To laugh often and much; To win the respect of intelligent people and the affection of children; To earn the appreciation of honest critics and endure the betrayal of false friends; To appreciate beauty, to find the best in others; To leave the world a bit better, whether by a healthy child , a garden patch, or a redeemed condition; To know even one life has breathed easier because you have lived. This is to have succeeded.
- Ralph Waldo Emerson

Tuesday, February 22, 2011

Life - a prism?

Sometimes it seems that the core of our being is quite like a glassy prism (for those not inclined to math/geometry or physics: a three-sided solid block, sometimes made of clear glass-like substances): it receives light on one surface and (depending on some factors, read on) projects a somewhat changed light through another surface, a process known in physics as refraction.  The important thing is, the light going into the prism and that coming out is almost never the same - it may be at a different angle, or a different colour, sometimes a rainbow of colours.  To maintain this prism of life so it serves the purpose, we seem to have two duties:

One, to keep polishing the surfaces.  If the surface facing the source of the light is not clear, it wouldn't be able to let the light through to its innards, and thus perhaps be unable to give out any light.  The cleaner the receiving surface is, the more light it can perhaps receive (and give out!).  On the other hand, if the surfaces transmitting the light out are not clean, they wouldn't be able to give out the light either, regardless of how much light they receive and of what quality.  Some may be tempted to embellish the transmitting surfaces, to represent to the possible recipients of the light a different face than the actual.  However, remember that too much embellishment can actually affect the transparency of the surface and block the light going through.  Ideally, when the surfaces are smoothly polished, they almost act like mirrors, giving out the light inside but at the same time reflecting back the true image of the one who looks at it.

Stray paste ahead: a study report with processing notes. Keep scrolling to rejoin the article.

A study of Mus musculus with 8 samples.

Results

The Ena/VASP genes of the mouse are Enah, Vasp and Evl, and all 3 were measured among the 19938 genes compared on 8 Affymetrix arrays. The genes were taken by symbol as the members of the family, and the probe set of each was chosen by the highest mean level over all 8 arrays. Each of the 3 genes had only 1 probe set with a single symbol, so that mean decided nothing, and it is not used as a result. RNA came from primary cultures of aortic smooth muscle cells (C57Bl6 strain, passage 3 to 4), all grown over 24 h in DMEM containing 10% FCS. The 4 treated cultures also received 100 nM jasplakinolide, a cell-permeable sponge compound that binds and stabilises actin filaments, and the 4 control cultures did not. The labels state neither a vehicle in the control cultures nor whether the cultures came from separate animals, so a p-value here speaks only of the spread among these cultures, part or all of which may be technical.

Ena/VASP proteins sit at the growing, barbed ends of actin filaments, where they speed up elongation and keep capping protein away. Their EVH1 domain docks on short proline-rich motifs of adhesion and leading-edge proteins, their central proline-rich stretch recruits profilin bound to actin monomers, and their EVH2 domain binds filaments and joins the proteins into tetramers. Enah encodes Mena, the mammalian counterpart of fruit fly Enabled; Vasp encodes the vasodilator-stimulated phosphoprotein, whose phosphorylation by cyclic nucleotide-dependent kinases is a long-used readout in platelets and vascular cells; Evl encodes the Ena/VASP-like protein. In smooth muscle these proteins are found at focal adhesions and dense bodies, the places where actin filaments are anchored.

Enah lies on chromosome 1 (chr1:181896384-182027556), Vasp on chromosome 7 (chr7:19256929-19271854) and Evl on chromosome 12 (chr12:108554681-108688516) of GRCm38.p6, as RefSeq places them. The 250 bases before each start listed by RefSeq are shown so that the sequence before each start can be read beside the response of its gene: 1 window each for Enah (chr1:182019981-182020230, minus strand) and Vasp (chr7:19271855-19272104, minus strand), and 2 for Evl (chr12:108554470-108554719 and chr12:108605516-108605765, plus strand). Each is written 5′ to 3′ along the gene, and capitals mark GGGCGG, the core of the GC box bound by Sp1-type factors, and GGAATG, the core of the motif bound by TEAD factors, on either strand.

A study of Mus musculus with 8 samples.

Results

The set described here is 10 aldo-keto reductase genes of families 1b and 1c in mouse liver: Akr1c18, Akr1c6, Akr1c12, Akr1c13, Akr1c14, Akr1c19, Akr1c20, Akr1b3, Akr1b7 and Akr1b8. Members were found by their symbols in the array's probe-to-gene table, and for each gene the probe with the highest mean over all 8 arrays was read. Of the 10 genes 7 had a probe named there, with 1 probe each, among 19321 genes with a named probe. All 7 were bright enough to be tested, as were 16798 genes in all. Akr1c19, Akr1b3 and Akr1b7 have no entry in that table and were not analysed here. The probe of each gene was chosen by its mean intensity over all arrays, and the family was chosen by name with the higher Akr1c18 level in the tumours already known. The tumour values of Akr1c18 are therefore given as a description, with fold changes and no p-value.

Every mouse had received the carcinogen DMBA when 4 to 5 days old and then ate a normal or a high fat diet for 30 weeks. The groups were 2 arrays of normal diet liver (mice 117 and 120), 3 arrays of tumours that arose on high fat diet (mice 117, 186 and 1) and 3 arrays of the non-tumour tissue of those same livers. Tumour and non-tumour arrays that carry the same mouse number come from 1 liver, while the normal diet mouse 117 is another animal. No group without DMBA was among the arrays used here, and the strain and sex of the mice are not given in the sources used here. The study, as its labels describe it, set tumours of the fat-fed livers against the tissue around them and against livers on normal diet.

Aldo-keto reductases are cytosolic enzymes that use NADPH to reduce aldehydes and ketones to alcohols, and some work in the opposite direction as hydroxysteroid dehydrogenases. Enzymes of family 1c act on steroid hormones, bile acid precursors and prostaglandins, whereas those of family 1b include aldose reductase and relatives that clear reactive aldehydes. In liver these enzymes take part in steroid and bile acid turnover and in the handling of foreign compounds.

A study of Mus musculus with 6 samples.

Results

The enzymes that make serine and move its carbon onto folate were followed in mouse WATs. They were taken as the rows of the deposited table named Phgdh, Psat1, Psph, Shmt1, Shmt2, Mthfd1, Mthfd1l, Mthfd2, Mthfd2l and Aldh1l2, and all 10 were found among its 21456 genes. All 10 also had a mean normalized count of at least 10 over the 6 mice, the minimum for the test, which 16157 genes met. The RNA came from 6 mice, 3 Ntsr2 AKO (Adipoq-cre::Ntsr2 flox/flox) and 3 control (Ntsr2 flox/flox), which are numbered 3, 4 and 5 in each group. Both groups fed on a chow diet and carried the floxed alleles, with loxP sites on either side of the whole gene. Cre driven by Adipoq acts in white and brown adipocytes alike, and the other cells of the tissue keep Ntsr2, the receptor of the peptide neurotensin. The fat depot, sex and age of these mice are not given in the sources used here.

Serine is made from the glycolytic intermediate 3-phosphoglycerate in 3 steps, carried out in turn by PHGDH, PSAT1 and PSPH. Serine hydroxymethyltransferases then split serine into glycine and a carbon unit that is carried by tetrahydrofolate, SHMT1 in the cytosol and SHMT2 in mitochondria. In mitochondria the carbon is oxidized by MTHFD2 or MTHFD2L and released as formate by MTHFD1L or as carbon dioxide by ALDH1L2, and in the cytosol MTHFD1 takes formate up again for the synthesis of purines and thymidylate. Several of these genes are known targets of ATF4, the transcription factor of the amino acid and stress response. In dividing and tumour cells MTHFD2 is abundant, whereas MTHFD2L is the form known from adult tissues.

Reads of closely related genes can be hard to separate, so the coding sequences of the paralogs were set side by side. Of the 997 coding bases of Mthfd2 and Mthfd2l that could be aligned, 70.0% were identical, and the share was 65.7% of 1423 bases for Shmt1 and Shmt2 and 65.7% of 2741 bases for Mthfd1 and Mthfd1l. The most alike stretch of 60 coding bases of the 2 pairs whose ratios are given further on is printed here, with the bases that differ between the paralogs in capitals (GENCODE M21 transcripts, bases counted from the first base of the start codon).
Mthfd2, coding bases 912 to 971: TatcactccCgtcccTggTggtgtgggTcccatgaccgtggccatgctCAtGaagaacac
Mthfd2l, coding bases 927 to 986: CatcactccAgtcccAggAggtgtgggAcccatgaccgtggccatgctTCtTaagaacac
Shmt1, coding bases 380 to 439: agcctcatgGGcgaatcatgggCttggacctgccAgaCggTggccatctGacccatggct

The second duty, it seems, is to control what goes inside the prism.  Yes, the surfaces of the prism are permeable, able to absorb outside material and vibrations (a process known in physics as osmosis), especially through the surface which is in touch with the base.  Some things going inside can improve the ability of the prism to act as a true transmitter of the refracted light.  However, other things can adversely affect this ability or, in extreme cases, react violently with the material of the prism, causing it to decay and eventually disintegrate.

And once the prism disintegrates, whether due to efflux of time or due to reactions as above, what is left is just a useless mess of particles.

1 comment:

G.S said...

Seriously good. A simple yet powerful thought projected uniquely.